The long-term consequences to the anti-bullying movement of Christine Pratt’s decision to go public with claims that Downing Street staff had contacted the National Bullying Helpline will be hard to quantify.
Pratt says she spoke out after denials by ministers that bullying took place, and that no employer should issue such a denial until investigating the allegations. Experts have been quick to warn that her actions in breaching the confidentiality of callers could have a serious knock-on effect on the usage of bullying helplines or employee assistance programmes.
It’s now incumbent on HR to act quickly to reassure employees they can raise concerns about unacceptable behaviour at work in a safe environment.
Pratt clearly trades off the fact she is a fellow of the Chartered Institute of Personnel and Development – the CIPD’s name is plastered all over the charity’s website and promotes services to employers run by chartered members.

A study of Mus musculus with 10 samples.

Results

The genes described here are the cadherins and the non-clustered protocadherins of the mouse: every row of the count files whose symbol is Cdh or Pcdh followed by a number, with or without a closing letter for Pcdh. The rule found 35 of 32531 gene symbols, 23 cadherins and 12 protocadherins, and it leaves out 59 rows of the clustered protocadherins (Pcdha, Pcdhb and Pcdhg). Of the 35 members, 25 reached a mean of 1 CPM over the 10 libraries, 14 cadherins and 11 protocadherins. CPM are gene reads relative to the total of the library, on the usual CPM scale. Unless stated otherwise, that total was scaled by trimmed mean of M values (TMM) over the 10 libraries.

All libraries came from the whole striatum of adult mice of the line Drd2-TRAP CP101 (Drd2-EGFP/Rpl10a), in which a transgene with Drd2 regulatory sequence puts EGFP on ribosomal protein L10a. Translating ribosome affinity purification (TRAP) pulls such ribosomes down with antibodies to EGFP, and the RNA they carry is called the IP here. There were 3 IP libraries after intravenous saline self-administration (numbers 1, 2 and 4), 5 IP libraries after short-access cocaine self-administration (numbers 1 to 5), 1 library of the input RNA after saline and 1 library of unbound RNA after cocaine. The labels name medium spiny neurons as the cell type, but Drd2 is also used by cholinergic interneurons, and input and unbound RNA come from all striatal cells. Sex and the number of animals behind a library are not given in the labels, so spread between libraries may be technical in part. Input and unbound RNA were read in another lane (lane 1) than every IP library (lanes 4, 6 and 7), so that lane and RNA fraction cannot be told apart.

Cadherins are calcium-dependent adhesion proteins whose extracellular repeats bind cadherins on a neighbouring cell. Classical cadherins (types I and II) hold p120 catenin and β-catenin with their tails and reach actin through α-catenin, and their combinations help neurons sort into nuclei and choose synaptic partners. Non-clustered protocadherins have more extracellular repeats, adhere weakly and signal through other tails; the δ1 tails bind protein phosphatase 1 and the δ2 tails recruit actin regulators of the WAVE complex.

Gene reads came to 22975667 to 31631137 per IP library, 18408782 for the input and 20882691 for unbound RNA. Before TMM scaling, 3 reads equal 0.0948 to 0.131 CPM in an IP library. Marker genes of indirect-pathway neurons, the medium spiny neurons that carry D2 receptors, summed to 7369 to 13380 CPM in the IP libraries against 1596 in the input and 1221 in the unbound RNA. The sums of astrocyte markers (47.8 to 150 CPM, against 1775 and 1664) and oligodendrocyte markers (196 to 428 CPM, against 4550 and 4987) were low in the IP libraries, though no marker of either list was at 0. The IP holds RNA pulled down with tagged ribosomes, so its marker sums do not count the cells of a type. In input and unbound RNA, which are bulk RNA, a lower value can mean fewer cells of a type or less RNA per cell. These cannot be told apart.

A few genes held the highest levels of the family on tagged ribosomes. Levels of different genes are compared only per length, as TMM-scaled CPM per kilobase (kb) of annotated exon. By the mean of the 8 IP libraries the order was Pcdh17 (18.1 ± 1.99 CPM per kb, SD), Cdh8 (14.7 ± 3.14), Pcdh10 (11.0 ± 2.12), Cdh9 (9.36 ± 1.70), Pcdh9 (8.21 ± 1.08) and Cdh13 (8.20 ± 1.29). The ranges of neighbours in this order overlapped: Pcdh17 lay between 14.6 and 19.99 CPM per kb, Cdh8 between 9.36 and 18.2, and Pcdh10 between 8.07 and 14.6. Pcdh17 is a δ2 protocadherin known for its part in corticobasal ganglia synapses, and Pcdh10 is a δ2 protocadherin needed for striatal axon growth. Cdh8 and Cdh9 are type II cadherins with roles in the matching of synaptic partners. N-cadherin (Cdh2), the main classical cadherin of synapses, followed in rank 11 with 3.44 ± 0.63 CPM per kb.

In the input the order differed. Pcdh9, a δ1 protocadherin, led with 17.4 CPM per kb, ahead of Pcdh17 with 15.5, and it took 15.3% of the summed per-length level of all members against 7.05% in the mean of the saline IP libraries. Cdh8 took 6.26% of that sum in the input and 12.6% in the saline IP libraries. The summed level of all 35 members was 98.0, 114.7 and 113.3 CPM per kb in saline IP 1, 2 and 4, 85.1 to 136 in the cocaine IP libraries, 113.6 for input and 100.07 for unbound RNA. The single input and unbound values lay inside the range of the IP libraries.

The Charity Commission is probing practices at the helpline – now is the time for the CIPD to investigate Pratt’s behaviour.
The institute’s code of professional conduct states members are required to exercise “appropriate behaviour in all their business, professional and related personal activities”. Clause 4.1.7 goes on to say members “must respect legitimate needs and requirements for confidentiality”.
The silence from institute bosses on this whole debacle has been deafening so far. The CIPD claims to care about professional standards in HR but – for some reason – doesn’t see its role as upholding them. It should think again.